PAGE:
Just a few days after new GM CEO Mary Barra visited Opel’s headquarters in Ruesselsheim and said the company’s plant there will be assigned a new vehicle to build, General Motors’ Opel unit has come to an agreement with the company’s labor unions to extend until the end of 2018 a no-layoff guarantee at three German plants. According to Reuters, the Ruesselsheim factory, plants at Kaiserslautern and Eisenach will remain open. Opel also announced that the Eisenach assembly plant will build the next generation Opel Adam and Corsa models. Approximately 7,150 employees work at the three factories.
Production ends later this year at Opel’s fourth German factory in Bochum.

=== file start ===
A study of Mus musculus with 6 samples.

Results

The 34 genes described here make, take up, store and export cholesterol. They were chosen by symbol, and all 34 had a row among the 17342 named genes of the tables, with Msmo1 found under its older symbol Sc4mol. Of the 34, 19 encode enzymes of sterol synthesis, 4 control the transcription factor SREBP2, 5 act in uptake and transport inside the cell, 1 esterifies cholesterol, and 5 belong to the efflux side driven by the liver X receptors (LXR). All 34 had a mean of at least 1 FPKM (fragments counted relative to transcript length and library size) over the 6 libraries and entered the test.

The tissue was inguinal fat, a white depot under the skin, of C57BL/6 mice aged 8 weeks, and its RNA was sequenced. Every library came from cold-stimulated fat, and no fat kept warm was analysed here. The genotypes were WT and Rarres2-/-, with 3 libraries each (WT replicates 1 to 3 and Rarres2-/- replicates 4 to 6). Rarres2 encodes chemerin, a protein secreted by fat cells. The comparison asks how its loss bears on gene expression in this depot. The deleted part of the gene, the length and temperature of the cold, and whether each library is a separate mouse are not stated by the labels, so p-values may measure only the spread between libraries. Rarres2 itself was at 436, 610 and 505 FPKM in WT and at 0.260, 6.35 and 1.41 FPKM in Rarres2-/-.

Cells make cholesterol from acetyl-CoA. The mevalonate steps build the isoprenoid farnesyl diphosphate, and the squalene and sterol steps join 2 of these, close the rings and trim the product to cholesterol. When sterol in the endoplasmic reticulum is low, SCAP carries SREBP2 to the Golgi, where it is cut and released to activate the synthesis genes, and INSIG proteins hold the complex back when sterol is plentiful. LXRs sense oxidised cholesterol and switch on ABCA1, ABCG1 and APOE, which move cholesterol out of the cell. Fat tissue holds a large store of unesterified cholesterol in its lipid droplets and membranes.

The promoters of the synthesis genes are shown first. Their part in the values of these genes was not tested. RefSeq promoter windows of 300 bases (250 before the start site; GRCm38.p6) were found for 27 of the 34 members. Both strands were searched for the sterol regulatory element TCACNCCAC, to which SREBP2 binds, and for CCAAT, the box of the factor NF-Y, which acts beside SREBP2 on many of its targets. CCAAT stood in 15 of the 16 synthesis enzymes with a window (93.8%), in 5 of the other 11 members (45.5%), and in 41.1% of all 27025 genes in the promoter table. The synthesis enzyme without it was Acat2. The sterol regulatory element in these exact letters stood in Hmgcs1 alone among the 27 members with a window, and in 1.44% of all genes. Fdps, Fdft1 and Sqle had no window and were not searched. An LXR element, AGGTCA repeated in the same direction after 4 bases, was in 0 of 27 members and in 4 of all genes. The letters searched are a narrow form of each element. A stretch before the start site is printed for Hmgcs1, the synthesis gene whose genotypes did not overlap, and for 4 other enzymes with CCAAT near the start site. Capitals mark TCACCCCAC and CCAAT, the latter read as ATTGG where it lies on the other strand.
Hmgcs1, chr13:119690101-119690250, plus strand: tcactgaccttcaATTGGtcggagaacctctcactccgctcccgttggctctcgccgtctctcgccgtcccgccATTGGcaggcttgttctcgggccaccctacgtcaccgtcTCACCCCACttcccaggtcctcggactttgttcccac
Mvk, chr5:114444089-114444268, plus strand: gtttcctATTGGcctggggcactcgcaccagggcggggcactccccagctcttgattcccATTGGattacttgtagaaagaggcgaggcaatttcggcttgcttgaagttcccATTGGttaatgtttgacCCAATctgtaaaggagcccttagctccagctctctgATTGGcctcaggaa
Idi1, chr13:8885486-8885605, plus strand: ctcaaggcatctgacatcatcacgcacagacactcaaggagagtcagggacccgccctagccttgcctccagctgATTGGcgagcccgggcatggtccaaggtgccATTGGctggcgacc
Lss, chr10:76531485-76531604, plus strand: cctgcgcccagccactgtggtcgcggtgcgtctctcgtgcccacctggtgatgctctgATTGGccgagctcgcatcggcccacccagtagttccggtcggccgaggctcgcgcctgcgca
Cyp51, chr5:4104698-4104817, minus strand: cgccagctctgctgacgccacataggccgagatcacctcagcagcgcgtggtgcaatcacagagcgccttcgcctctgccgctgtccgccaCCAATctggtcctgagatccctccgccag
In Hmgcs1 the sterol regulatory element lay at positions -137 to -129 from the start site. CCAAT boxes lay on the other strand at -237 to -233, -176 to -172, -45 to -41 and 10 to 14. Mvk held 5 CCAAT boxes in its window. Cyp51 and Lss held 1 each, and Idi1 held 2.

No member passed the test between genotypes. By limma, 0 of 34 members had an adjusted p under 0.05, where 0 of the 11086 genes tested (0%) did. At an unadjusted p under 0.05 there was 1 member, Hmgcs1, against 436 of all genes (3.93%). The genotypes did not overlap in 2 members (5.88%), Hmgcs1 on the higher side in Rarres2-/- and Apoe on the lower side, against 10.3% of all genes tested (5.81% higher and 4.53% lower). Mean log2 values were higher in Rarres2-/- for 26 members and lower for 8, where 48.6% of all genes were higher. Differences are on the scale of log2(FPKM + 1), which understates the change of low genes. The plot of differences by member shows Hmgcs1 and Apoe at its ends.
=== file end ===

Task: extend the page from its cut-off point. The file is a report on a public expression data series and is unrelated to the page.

The agreement is a hopeful sign of better labor relations at Opel. Management and labor have differed in the recent past about how to return GM’s European unit to profitability.
“For the company and its employees this is an important step toward securing our future,” Ulrich Schumacher, Opel’s head of personnel, said in a statement.
In the labor deal, Opel promised to add another model for Ruesselsheim to build, to continue making the Adam and Corse in Eisenach and to keep the Kaiserslautern component operations going.
GM has lost an estimated $18 billion on its European operations over the last 12 years. The company says that it’s on track to break even in Europe in 2015 after a redesigned Corsa subcompact is launched late this year, and a redesigned Astra concept is introduced next year along with new gasoline and diesel engines.